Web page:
CENSUS: Alameda grows slightly on Asian boom
The Island boasted 73,812 residents in 2010, up 2 percent from a 2000 population of 72,259, census data show. The increase was fueled largely by Asian residents, whose numbers grew by 22 percent over the last decade.
Asian residents made up 31.3 percent of Alameda’s population in 2010, compared to 26.2 percent in 2000. By contrast, whites made up 50.1 percent of the Island’s population in 2010, down from 57 percent in 2000. Alameda’s African American population rose slightly, and its share of the total community grew from 6.2 percent in 2000 to 6.5 percent in 2010. The percentage of residents who claimed two or more races also grew, from 6.1 percent of the population in 2000 to 7.1 percent in 2010.
Alameda’s Latino population also grew, with 11 percent of Island residents declaring Latino heritage in 2010, up from 9.3 percent in 2000. The Census Bureau counts Latino heritage separately from its race counts, and people claiming Latino heritage can be of any race.
Don Lim, president of the Harbor Bay Intercultural Committee on Bay Farm Island, attributed the growth to Alameda’s good schools, good housing, low crime and revitalized downtown. He said many people move here from Oakland, while others come from overseas, learning about Alameda by word of mouth.
“The housing is good here, there’s less crime in Alameda, and schools. They want their kids to go to the top schools,” Lim said.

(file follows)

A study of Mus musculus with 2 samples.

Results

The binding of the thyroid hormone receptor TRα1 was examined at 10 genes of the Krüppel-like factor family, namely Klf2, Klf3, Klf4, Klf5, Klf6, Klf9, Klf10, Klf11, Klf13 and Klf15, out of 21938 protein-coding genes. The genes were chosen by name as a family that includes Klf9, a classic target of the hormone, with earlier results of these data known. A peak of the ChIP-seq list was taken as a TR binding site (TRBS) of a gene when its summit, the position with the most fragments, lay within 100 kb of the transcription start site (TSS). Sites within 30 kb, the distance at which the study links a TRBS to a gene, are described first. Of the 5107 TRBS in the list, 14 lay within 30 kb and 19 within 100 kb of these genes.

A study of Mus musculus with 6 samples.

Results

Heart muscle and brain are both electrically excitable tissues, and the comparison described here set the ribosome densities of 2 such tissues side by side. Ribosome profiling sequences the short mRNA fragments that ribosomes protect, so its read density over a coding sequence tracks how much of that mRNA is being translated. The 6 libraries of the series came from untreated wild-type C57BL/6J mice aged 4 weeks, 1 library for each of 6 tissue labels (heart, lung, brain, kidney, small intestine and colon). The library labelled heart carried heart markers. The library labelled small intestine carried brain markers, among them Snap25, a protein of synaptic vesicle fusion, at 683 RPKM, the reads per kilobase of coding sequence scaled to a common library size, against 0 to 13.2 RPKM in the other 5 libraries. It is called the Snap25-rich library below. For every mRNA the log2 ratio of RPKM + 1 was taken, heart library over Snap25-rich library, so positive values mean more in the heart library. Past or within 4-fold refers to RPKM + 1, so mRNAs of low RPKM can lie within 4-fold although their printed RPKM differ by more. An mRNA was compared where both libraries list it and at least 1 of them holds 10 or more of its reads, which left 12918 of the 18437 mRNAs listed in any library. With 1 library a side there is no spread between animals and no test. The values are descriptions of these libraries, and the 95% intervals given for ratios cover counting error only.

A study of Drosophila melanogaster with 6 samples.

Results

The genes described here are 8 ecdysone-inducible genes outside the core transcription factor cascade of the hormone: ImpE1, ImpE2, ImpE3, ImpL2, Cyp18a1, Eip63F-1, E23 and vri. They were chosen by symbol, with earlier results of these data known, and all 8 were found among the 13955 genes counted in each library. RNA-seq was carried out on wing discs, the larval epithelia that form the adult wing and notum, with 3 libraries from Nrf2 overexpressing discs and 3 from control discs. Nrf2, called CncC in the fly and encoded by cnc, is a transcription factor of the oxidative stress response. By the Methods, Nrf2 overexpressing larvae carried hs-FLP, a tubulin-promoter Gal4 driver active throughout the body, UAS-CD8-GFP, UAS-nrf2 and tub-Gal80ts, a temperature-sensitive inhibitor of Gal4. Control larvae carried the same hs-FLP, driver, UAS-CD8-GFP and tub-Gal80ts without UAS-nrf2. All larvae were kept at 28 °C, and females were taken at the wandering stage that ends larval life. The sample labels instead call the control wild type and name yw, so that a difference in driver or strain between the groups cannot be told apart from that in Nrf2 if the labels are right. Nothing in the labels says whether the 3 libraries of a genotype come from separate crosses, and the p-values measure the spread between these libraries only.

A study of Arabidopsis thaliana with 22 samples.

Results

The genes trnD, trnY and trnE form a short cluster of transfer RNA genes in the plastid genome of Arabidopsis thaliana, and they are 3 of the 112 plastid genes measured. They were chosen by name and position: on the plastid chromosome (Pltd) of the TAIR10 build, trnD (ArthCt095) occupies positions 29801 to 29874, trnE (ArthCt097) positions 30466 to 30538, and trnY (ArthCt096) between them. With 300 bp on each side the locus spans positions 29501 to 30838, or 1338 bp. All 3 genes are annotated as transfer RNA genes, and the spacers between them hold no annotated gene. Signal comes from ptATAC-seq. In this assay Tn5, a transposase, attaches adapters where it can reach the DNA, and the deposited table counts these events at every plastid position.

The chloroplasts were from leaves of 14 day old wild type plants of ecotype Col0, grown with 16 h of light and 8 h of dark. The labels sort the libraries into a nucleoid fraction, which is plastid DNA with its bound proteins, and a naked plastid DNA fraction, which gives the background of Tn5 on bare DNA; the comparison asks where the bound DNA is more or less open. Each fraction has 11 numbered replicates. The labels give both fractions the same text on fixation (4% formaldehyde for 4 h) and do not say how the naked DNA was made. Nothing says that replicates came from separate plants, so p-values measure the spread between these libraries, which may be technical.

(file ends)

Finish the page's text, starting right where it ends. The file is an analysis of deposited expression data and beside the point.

The Island’s population growth follows a 10-year decline from 1990, when 76,459 people called Alameda home.
California’s 2010 population count stands at 37,253,956, up from 33,871,648 in 2000. Some 57.6 percent of California residents identified themselves as being white, 13.1 percent as Asian, 6.2 percent as African American, 4.9 percent as two or more races and and 17 percent as some other race. More than a third of Californians – 37.6 percent – claimed Latino heritage.
Alameda had 32,351 housing units in 2010, up from 31,644 in 2000 and 30,520 in 1990, the data show. The number of unoccupied housing units rose over the last decade, from 1,418 in 2000 to 2,228 in 2010.
Tuesday’s census release included data that can be used to redraw the nation’s Congressional district and state legislative boundaries. The 2010 census also included questions about age, sex and home occupancy and ownership, and additional data is due out later this year.